Good job bringing this to light. People won't realise how huge the problem is and municipalities are woefully ill equipped to...
Agreed; mining can never be sustainable, but then how do you get the metals to make all the things you need in the course of...
Very good piece.
canada's greenhouse gas emissions, in 1998, were 19 per cent more than the target set under the Kyoto Protocol, the country's environment ministry has revealed.
The ministry says that emissions from the electricity sector are 28 per cent above the 1990 levels and have continued to grow as coal is being used to meet most of the increased electricity demand. Emissions from the transportation sector are also 20 per cent above the 1990 levels. "But, the growth in emissions is slowing down and between 1997 and 1998 total greenhouse gas emissions grew only by one per cent, whereas in the mid 1990s, emissions were growing at about three per cent per year," the ministry officials stated, adding, that emissions from the industrial sector were slightly below the 1990 levels because of the use of ecofriendly technology. According to the defence ministry, in the last five years Canada had spend more than us $574 million "to help understand and mitigate climate change" and in the budget for the year 2000 the government allocated more than us $405 million for initiatives related to controlling global warming. The government believes that its actions to reduce greenhouse gas emissions will also bring improvements in the air quality, especially in urban areas such as Toronto city.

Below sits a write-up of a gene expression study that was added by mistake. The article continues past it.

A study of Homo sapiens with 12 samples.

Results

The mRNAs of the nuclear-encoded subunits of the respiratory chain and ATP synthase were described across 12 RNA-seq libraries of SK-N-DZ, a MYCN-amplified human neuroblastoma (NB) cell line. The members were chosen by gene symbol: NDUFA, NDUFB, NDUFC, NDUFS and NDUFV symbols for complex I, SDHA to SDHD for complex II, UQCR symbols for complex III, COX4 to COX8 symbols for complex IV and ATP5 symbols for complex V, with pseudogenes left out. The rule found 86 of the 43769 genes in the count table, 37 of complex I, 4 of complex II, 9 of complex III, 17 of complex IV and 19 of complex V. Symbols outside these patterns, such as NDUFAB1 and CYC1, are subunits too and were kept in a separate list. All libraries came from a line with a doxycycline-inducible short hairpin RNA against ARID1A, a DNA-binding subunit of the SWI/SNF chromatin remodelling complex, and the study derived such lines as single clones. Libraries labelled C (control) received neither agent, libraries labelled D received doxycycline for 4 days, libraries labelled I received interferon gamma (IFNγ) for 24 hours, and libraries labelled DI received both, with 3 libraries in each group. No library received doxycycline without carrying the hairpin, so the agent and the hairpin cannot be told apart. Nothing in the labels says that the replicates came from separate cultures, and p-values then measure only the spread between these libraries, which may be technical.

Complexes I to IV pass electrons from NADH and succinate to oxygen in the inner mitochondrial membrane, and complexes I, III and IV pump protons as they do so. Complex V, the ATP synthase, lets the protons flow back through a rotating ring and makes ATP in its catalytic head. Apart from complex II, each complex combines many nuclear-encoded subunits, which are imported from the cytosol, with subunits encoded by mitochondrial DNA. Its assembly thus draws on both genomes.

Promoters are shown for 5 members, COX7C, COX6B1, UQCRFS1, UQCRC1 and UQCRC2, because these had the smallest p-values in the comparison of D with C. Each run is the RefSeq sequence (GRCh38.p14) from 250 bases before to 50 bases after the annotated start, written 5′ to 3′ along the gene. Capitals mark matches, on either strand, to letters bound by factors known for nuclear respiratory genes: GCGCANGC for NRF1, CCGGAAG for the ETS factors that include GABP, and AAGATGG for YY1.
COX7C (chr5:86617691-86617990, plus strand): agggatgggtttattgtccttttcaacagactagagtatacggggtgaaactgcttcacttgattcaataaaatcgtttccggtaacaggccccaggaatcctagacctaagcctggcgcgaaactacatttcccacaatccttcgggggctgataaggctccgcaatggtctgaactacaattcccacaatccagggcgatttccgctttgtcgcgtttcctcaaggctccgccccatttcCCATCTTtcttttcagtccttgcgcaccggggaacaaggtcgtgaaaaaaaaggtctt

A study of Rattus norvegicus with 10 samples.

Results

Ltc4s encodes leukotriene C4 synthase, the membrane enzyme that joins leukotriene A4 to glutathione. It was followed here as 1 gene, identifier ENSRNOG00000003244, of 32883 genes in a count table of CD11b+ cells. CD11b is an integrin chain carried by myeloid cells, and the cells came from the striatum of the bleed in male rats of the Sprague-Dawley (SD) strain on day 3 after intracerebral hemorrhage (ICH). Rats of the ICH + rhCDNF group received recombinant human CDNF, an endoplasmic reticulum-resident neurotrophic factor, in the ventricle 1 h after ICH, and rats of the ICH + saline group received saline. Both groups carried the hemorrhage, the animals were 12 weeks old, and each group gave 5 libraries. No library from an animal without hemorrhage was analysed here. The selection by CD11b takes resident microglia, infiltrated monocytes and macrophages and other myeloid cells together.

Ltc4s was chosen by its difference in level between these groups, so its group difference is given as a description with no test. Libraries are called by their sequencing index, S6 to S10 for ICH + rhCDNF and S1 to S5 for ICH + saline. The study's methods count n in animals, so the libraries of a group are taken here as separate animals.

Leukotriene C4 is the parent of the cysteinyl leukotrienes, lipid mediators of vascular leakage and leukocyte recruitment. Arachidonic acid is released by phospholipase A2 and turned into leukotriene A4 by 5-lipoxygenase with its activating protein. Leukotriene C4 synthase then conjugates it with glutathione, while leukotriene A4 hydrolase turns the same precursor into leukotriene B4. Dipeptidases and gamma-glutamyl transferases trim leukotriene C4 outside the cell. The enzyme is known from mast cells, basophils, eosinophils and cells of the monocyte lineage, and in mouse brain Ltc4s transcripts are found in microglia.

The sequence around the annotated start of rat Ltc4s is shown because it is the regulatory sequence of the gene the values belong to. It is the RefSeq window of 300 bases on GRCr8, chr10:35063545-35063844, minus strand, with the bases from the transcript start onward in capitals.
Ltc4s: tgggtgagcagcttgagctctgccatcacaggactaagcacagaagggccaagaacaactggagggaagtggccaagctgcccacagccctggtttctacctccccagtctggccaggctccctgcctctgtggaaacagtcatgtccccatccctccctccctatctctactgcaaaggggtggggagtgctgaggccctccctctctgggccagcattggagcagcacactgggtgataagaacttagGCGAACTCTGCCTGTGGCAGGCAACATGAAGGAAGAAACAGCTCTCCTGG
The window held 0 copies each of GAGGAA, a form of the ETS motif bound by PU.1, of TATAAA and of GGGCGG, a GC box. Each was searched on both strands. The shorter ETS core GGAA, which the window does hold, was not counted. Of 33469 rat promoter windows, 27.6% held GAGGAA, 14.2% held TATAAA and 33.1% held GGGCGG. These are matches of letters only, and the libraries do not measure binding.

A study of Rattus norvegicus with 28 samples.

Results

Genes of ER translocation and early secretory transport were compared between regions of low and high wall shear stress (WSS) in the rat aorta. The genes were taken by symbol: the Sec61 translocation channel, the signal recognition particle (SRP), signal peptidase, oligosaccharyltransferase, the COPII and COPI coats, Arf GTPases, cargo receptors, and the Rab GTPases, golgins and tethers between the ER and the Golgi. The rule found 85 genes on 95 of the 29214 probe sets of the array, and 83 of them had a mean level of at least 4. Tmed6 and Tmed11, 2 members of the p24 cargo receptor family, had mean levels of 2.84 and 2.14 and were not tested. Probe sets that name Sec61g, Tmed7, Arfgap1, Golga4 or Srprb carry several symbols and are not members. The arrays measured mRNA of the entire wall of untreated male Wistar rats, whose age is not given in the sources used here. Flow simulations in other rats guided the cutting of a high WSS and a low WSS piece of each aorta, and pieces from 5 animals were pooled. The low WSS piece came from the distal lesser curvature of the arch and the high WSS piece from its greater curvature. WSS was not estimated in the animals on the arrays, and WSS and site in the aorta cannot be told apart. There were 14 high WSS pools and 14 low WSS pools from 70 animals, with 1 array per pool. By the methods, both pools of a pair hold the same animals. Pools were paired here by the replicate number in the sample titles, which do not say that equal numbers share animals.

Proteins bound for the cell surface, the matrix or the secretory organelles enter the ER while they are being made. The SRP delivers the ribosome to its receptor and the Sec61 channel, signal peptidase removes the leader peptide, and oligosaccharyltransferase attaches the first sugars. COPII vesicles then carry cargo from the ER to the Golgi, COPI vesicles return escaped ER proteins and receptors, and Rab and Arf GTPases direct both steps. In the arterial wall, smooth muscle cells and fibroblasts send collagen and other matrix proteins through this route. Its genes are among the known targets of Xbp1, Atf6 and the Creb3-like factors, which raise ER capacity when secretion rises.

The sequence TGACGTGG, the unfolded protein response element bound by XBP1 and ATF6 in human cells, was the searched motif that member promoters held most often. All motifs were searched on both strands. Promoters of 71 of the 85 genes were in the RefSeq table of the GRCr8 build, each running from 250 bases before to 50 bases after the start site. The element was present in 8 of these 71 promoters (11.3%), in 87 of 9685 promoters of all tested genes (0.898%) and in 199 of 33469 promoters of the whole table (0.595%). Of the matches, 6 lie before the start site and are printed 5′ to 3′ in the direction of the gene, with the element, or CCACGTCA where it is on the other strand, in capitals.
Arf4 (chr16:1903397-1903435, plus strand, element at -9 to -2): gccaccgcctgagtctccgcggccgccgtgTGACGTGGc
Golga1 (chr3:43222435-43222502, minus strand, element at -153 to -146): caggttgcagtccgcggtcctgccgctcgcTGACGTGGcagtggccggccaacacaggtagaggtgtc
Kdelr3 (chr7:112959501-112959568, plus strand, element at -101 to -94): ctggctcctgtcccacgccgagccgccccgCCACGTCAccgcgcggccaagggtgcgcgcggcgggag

The Organisation for Economic Co-operation and Development ( oecd ) in its Economic Survey of Canada 2000, has criticised Canada for its inability to achieve the Kyoto Protocol targets. "Even if Canada is able to buy greenhouse gas emission quotas in the international market, there would be a need to accelerate reduction in domestic fossil fuel consumption ," oecd stated.